This book explains and explores the principal techniques of Data Mining, the automatic extraction of implicit and potentially useful information from data, which is increasingly used in commercial, scientific and other application areas. It focuses on classification, association rule mining and clustering.
Each topic is clearly explained, with a focus on algorithms not mathematical formalism, and is illustrated by detailed worked examples. The book is written for readers without a strong background in mathematics or statistics and any formulae used are explained in detail.
It can be used as a textbook to support courses at undergraduate or postgraduate levels in a wide range of subjects including Computer Science, Business Studies, Marketing, Artificial Intelligence, Bioinformatics and Forensic Science.
As an aid to self-study, it aims to help general readers develop the necessary understanding of what is inside the 'black box' so they can use commercial data mining packages discriminatingly, as well as enabling advanced readers or academic researchers to understand or contribute to future technical advances in the field.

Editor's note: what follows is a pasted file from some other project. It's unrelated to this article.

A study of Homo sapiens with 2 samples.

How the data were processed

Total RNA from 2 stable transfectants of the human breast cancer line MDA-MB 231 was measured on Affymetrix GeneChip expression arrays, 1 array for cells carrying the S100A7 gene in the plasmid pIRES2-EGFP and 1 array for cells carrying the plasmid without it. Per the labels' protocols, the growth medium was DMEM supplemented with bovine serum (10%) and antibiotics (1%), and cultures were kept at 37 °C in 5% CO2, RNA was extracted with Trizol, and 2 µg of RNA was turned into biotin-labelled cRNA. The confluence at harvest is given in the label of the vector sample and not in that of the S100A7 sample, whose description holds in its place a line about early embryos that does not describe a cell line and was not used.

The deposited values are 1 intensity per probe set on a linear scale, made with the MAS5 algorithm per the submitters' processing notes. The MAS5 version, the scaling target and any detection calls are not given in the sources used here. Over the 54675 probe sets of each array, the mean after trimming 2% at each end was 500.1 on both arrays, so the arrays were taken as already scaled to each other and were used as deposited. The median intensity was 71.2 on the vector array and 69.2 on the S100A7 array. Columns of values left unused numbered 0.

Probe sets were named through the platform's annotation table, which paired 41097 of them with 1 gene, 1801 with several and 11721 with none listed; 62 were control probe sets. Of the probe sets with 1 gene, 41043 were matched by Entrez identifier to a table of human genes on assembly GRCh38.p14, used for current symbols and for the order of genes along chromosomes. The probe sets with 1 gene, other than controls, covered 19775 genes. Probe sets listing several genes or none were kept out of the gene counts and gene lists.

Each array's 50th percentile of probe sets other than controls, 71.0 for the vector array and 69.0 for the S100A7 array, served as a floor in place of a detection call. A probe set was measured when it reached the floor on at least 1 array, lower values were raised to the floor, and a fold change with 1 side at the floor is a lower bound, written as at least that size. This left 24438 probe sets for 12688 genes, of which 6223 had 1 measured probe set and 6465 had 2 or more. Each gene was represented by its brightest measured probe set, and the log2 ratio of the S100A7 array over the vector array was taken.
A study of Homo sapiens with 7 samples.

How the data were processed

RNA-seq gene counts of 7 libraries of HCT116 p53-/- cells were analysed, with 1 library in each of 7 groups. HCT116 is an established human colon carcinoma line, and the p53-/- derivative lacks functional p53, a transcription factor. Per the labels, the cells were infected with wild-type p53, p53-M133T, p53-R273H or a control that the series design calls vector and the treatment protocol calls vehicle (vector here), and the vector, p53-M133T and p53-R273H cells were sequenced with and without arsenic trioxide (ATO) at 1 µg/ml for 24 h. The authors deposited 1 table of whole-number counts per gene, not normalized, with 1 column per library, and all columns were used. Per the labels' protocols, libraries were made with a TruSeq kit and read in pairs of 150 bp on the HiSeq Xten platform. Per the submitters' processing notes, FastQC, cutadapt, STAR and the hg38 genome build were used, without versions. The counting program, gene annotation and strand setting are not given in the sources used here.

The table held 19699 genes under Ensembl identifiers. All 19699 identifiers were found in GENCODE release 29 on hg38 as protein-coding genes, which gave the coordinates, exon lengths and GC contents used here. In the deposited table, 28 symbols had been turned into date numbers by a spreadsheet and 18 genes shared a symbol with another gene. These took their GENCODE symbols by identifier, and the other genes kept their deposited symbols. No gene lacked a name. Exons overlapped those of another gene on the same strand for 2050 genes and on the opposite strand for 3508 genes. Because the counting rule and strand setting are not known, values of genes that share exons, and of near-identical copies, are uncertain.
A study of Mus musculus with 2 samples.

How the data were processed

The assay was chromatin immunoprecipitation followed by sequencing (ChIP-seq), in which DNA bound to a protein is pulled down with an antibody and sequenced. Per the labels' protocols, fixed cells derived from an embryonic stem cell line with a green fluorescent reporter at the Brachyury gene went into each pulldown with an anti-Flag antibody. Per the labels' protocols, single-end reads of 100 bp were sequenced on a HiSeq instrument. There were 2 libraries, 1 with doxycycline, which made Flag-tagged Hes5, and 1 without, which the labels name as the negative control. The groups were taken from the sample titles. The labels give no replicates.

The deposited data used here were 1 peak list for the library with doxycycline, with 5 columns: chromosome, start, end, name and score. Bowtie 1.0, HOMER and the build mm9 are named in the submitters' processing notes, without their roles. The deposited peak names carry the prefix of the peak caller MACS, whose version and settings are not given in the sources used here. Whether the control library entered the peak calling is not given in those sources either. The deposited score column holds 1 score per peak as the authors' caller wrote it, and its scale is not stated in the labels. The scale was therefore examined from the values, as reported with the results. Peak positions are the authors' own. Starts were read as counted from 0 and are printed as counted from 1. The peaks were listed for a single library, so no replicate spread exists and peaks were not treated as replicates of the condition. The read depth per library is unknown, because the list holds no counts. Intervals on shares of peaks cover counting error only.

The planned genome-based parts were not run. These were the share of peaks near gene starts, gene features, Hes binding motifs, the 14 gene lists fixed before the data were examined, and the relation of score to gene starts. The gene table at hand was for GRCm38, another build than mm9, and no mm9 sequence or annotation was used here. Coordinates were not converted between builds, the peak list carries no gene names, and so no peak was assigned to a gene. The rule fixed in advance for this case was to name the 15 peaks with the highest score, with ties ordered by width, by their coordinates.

Each chapter has practical exercises to enable readers to check their progress. A full glossary of technical terms used is included.
Principles of Data Mining includes descriptions of algorithms for classifying streaming data, both stationary data, where the underlying model is fixed, and data that is time-dependent, where the underlying model changes from time to time - a phenomenon known as concept drift.
The expanded fourth edition gives a detailed description of a feed-forward neural network with backpropagation and shows how it can be used for classification.